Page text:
Hollow City (Miss Peregrine’s Peculiar Children #2) by Ransom Riggs
This second novel begins in 1940, immediately after the first book ended. Having escaped Miss Peregrine’s island by the skin of their teeth, Jacob and his new friends must journey to London, the peculiar capital of the world. Along the way, they encounter new allies, a menagerie of peculiar animals, and other unexpected surprises.
Paperback, 428 pages
Published February 24th 2015 by Quirk Books (first published January 14th 2014)
Current Goodreads Rating: 4.04 Stars
The ending was not nice. I was on the edge of my seat, back straighten with goosebumps listening intently and it just ended! Cliffhangers are amazing and awful at the same time.
I enjoyed the setting and background elements of this book just as much as I loved the story line. I've been into historical fictions lately and this hit the spot for me. I had fun getting a glimpse into these different eras of time and the adjustments having to be made to fit it. I also loved the title on this one because I wasn't sure about it, until it became crystal clear where the name came from. You had to earn the title by reading more than a few chapters in.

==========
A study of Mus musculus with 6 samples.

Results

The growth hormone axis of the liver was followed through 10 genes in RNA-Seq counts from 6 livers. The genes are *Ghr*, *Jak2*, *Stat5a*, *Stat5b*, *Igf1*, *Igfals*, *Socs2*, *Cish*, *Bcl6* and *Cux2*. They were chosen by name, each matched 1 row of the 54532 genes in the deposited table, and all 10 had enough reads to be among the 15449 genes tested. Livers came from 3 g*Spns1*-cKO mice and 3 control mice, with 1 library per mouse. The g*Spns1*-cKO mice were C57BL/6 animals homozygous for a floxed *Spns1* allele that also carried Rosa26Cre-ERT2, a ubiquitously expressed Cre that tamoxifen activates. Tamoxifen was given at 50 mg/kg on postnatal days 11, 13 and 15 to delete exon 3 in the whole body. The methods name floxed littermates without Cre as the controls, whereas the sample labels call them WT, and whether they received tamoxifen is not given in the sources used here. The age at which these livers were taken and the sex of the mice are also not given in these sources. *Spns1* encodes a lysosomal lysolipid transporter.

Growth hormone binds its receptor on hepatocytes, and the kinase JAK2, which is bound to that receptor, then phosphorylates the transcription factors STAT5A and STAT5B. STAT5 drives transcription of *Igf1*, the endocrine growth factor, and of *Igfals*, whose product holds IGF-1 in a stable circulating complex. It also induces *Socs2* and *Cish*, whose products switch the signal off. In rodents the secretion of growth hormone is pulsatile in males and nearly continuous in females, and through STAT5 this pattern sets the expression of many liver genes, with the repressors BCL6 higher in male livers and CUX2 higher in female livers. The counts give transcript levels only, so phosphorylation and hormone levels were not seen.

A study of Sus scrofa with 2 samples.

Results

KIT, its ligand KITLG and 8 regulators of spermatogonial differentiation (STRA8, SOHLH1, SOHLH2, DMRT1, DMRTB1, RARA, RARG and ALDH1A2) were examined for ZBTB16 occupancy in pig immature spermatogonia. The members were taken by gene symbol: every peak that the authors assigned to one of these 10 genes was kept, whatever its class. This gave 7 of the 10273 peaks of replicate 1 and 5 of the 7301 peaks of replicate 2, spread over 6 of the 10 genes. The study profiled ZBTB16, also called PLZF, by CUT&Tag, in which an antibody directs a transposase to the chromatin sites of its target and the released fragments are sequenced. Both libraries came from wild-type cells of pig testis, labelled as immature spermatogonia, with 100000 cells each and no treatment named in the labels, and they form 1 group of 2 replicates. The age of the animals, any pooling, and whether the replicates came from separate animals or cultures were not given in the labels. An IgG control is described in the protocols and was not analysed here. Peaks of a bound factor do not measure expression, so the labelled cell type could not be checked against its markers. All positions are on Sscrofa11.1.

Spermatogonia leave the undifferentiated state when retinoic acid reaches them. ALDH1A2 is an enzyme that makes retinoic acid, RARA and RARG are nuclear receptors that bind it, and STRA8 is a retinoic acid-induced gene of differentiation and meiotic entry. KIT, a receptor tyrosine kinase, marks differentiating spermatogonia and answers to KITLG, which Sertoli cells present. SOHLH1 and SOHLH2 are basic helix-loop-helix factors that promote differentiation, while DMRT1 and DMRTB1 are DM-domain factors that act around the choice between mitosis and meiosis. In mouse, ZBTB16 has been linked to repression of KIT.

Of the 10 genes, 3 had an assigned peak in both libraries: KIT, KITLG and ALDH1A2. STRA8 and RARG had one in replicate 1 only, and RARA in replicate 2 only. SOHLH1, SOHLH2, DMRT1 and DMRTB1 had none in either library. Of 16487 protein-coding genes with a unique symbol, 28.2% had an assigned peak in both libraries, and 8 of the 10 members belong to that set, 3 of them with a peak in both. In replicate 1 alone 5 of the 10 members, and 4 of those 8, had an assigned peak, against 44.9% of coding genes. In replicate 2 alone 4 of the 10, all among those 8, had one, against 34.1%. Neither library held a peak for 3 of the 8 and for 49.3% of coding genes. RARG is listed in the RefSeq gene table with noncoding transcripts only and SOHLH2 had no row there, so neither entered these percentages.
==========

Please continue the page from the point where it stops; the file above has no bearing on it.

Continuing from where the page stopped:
I liked this book more than the first. I'm not sure if it is because I watched the movie before I read the first book, so I wasn't discovering everything for the first time or because the characters were already so well developed so I got to enjoy the action more now.
“Strange, I thought, how you can be living your dreams and your nightmares at the very same time.”
“I liked this idea: that peculiarness wasn't a deficiency, but an abundance; that it wasn't we who lacked something normals had, but they who lacked peculiarness. That we were more, not less.”
“I was too dazed to follow right away, because there was something new happening, a wheel inside my heart I’d never noticed before, and it was spinning so fast it made me dizzy. And the farther away she got, the faster it spun, like there was an invisible cord unreeling from it that stretched between us, and if she went too far it would snap - and kill me. I wondered if this strange, sweet pain was love.”